Police chief in parades warning
Northern Ireland's police chief has warned of a repeat of the violence which marred last summer's marching season and appealed to those involved in parading disputes to reach agreement.
Matt Baggott said he is concerned that dissident republicans may again seek to foment trouble around contentious flashpoints.
Riotous scenes erupted across Northern Ireland last July, the most serious at Ardoyne in north Belfast where police came under sustained attack four nights in a row, and the cost of policing the whole marching season was almost £4 million.
"I saw what happened last summer and I think the terrorists were quite able to exploit areas of disaffection and young people that put real pressure on the PSNI," he said. "They wanted us to overreact but we didn't.
"So am I concerned? Yes. I think what we will have to see in the next three months is even more local dialogue, more give and take."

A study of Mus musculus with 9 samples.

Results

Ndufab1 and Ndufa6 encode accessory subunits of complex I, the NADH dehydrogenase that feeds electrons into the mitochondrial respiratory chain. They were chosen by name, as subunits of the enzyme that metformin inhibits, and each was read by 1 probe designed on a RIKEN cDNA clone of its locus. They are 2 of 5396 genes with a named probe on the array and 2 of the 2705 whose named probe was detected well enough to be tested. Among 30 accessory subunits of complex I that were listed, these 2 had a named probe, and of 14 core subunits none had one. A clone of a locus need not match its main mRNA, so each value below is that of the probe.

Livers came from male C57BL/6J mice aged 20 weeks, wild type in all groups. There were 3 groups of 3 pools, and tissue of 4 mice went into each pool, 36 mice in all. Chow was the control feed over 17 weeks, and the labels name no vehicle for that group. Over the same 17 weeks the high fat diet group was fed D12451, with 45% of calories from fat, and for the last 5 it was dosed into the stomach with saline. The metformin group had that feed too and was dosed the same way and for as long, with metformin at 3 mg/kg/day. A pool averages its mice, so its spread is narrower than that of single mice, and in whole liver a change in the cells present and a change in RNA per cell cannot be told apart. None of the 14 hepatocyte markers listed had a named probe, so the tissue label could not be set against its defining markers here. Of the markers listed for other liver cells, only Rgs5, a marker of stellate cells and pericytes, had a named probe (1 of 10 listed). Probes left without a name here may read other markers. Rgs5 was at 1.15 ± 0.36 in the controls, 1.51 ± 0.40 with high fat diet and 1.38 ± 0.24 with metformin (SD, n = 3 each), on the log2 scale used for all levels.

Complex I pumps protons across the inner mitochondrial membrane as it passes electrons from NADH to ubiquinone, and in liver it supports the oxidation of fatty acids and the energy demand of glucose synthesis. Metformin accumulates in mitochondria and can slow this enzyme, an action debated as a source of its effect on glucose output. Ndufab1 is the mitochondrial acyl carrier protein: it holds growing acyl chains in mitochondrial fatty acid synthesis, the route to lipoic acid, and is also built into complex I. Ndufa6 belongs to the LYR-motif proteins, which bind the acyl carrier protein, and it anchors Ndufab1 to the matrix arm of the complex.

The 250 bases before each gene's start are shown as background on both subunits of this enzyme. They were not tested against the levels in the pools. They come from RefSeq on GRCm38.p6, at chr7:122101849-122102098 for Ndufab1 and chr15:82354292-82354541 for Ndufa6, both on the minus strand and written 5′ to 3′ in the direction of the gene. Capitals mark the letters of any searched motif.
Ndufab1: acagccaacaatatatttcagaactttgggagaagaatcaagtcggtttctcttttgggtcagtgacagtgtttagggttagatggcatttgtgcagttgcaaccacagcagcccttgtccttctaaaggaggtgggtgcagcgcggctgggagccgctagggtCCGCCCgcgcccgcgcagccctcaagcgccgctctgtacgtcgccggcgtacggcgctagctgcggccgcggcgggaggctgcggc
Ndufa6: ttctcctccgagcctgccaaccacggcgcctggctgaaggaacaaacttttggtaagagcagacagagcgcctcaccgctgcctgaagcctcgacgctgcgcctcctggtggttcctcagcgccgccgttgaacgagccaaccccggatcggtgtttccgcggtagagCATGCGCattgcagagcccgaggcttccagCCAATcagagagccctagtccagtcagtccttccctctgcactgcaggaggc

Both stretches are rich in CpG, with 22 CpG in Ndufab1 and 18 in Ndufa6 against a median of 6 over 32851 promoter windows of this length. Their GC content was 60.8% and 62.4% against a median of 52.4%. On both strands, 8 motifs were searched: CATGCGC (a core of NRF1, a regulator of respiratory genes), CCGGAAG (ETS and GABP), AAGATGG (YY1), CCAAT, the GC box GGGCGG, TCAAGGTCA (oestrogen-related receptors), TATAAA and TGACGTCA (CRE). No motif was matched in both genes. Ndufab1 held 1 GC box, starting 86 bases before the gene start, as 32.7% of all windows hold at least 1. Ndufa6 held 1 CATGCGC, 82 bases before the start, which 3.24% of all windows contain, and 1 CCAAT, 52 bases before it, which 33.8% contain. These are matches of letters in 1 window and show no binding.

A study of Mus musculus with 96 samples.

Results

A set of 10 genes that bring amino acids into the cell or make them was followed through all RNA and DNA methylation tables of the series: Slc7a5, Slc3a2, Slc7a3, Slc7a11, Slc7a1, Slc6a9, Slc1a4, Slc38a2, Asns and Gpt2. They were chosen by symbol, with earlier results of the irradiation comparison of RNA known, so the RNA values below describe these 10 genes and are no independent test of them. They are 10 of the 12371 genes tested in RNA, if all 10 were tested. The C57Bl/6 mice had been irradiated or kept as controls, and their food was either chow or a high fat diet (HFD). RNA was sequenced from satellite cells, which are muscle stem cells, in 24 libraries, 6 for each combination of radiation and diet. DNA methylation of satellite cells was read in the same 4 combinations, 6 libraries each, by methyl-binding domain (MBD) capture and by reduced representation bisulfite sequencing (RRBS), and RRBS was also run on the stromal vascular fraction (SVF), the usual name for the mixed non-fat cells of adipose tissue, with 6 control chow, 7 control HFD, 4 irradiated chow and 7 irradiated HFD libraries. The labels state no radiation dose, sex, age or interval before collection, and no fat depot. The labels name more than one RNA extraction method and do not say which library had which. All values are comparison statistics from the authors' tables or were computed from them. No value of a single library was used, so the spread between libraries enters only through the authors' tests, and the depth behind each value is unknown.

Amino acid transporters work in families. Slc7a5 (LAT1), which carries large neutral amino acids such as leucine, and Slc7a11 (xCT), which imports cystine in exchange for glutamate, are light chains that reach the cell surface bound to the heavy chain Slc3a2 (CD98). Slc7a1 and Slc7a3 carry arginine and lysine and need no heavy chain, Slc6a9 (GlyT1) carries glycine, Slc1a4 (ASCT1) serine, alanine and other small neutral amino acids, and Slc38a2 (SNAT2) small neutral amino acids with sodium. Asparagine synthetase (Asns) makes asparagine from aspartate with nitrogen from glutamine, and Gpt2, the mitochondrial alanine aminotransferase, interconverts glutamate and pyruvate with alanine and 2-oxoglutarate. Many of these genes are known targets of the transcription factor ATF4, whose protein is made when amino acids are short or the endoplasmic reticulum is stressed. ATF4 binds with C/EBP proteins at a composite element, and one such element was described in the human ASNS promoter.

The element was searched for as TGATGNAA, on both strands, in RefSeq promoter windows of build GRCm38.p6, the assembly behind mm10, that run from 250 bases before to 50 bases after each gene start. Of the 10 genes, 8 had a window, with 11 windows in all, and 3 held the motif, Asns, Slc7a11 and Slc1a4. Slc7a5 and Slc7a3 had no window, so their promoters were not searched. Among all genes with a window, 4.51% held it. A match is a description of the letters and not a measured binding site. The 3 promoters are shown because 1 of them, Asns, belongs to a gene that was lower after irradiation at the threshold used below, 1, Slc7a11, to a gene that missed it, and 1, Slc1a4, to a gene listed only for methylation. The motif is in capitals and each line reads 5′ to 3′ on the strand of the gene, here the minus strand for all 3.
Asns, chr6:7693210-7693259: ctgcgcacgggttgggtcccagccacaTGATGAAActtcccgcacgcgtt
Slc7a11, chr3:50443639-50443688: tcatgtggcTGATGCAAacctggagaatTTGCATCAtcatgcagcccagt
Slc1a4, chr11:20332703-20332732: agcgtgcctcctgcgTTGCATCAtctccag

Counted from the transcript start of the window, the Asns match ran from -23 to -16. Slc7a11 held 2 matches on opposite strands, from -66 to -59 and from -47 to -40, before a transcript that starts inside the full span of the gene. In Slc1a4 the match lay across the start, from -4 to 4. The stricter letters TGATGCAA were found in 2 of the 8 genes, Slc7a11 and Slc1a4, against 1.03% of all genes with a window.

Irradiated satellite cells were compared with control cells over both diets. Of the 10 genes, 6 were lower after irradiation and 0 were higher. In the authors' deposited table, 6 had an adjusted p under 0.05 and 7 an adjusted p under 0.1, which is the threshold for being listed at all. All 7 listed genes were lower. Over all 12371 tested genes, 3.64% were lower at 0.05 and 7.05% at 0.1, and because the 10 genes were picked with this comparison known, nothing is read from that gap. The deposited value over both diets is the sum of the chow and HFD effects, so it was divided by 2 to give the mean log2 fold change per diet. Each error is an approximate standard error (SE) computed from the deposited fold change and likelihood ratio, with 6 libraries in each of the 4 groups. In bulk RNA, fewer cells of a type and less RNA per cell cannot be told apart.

A legislative framework aimed at resolving contentious parades agreed between the Democratic Unionists and Sinn Fein floundered when the Orange Order refused to back the plan.
The ill-fated blueprint would have seen the controversial body that adjudicates on whether events proceed - the Parades Commission - replaced with a system aimed at fostering locally based agreements.
Mr Baggott said it is not just the politicians who have a responsibility to resolve the issue.
"I think it's broader than just senior politicians," he said. "I think it's about local groups being willing to engage. It's about different groups willing to give some ground and be more consensual on that.
"And I think the lessons from last year are: why would we want to throw away everything that's happened in the last year in terms of progress? We are in place now: we need investment, we need jobs, we need health, we need education and we are in a recession. Why would we want to throw away money for the sake of a lack of dialogue or a lack of give and take?"